The problem with the problem is... - [website] Email Print
Published: 20th of Feb 2017 by: Debbie Engelbrecht CEO

Last night whilst watching a reality TV show where an analyst is called in to assist a struggling hotel it again became apparent how easy it is for outsiders to see the problem from a different perspective and easily identify some of the issues we simply do not see from the inside.

We sometimes simply get stuck in the same refrain.

I see this at some of my clients and even at social occasions. The problem simply becomes a talking point, the song we sing to give voice to our emotions. Sometimes we sing it only because those specific words are the words that stuck in our minds…And that is the problem with the problem. It tends to becomes all-encompassing, the entire song.

In essence, we can move ahead much faster if we recognise that the problem is simply a verse and not the entire composition. We can include bridges, riffs and choruses, there are allegros and crescendos to choose from a plethora of octaves and notes and any combination of instruments we can use to give us a fuller musical experience.

Were I to belabor this point any more, I am sure that you would notice that I was getting stuck too!

With structured problem solving we are able to move through a balanced analysis of the desired outcome, a root cause analysis of the problem, analysis of viable alternative approaches and a way forward quite quickly. We can free up the music inside of us and come into this world dancing with abandon.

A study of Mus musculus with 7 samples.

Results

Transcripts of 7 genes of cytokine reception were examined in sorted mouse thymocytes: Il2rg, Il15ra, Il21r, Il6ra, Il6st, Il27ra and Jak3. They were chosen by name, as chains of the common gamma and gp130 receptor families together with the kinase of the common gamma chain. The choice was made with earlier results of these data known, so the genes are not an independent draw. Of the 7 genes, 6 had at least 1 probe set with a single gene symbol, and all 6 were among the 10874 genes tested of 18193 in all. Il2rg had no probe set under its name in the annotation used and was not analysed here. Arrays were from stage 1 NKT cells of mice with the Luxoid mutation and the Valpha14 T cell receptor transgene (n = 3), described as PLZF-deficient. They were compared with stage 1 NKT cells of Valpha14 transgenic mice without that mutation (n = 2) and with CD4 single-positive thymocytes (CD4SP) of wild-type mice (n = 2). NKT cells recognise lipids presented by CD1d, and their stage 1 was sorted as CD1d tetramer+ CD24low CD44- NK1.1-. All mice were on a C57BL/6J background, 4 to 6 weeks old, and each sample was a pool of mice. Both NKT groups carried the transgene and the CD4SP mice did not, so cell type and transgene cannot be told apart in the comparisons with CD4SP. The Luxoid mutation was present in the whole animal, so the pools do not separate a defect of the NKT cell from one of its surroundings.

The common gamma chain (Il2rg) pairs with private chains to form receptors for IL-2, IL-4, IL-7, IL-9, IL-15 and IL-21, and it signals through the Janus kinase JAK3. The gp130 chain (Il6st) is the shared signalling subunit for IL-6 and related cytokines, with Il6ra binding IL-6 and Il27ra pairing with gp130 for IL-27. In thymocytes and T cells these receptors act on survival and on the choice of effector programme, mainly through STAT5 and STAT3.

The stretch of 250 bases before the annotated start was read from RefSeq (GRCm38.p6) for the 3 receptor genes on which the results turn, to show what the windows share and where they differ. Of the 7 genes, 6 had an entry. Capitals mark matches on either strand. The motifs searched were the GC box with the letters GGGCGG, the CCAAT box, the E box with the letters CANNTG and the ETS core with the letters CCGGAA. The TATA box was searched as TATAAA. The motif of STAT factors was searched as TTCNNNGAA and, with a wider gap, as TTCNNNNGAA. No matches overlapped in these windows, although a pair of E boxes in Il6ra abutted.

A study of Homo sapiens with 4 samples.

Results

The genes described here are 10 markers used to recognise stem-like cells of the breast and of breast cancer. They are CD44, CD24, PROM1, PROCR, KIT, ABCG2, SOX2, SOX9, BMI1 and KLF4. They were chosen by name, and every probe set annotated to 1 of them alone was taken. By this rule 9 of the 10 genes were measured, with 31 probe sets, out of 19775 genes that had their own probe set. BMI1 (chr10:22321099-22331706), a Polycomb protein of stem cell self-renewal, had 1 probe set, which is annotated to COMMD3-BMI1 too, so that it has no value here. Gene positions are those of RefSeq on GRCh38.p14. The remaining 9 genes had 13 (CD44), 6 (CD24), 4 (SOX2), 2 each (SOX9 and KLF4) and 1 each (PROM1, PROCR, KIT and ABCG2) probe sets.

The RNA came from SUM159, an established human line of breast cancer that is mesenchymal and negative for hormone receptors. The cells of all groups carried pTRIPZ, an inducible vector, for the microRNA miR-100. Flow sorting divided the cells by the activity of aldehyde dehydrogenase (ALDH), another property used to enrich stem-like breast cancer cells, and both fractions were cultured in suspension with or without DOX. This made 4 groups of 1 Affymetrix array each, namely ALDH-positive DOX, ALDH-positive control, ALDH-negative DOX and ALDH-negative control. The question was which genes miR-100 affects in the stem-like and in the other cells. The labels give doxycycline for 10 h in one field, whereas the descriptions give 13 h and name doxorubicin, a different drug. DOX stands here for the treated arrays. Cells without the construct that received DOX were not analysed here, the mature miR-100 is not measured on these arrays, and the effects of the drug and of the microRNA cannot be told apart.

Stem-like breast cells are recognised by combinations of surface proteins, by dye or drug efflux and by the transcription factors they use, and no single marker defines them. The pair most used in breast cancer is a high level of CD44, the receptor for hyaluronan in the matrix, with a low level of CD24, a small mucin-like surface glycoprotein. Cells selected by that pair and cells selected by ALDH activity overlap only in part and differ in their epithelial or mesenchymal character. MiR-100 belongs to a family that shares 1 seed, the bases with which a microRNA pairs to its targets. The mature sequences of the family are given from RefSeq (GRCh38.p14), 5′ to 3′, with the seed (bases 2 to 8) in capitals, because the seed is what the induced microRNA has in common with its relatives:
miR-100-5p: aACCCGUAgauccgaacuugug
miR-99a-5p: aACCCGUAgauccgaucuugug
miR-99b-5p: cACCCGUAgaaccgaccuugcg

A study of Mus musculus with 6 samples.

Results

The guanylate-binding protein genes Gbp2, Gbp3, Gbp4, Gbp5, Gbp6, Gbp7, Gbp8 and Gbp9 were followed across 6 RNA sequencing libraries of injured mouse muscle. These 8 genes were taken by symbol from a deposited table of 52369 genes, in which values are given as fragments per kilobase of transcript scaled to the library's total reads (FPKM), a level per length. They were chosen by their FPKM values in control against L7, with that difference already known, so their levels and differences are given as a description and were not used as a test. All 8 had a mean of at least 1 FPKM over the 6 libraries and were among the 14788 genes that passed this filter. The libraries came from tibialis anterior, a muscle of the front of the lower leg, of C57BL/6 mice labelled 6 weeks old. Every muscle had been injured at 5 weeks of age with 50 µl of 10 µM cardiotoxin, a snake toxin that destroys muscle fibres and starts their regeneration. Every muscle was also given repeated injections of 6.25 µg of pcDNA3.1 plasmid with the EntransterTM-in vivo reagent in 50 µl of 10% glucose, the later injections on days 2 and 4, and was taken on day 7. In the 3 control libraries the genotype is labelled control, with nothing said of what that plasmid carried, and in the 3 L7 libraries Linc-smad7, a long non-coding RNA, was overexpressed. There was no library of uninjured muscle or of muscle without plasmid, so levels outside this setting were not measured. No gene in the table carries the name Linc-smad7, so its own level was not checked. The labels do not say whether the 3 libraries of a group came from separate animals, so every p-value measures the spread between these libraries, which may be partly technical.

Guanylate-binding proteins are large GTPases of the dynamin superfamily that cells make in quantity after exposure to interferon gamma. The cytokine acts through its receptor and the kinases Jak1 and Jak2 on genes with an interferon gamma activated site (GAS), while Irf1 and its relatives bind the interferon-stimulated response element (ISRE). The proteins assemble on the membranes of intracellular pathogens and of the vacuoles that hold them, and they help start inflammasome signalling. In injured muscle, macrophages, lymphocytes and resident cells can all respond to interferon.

The challenge is that not many people naturally have such a structured approach. The good news is that it can be learnt.

One of the better known problem solving techniques is that of Edward De Bono known as the De Bono 6 Hat Thinking technique.

Simply put each hat has a colour and each colour illustrates the type of thinking that should take place in that particular phase of problem analysis. For example: The yellow hat looks at the positive aspects, the black hat analysis the negative etc.

I personally like using the Polarity Map as a tool to give me a full picture of the paradox or dilemma and with this well-rounded picture in front of me it ensures that I can keep the balance and see all aspects of the situation before taking the next action.

So the biggest problem with the problem, I guess, is that we seldom take the time out to find the combination of tools that will help us sort the problem out elegantly and efficiently. And normally that is because we are listening to songs chosen for us by others, as opposed to putting together our own playlist.

Staff Training presents more than 60 short courses nationwide. Contact us at or 0861 996 660.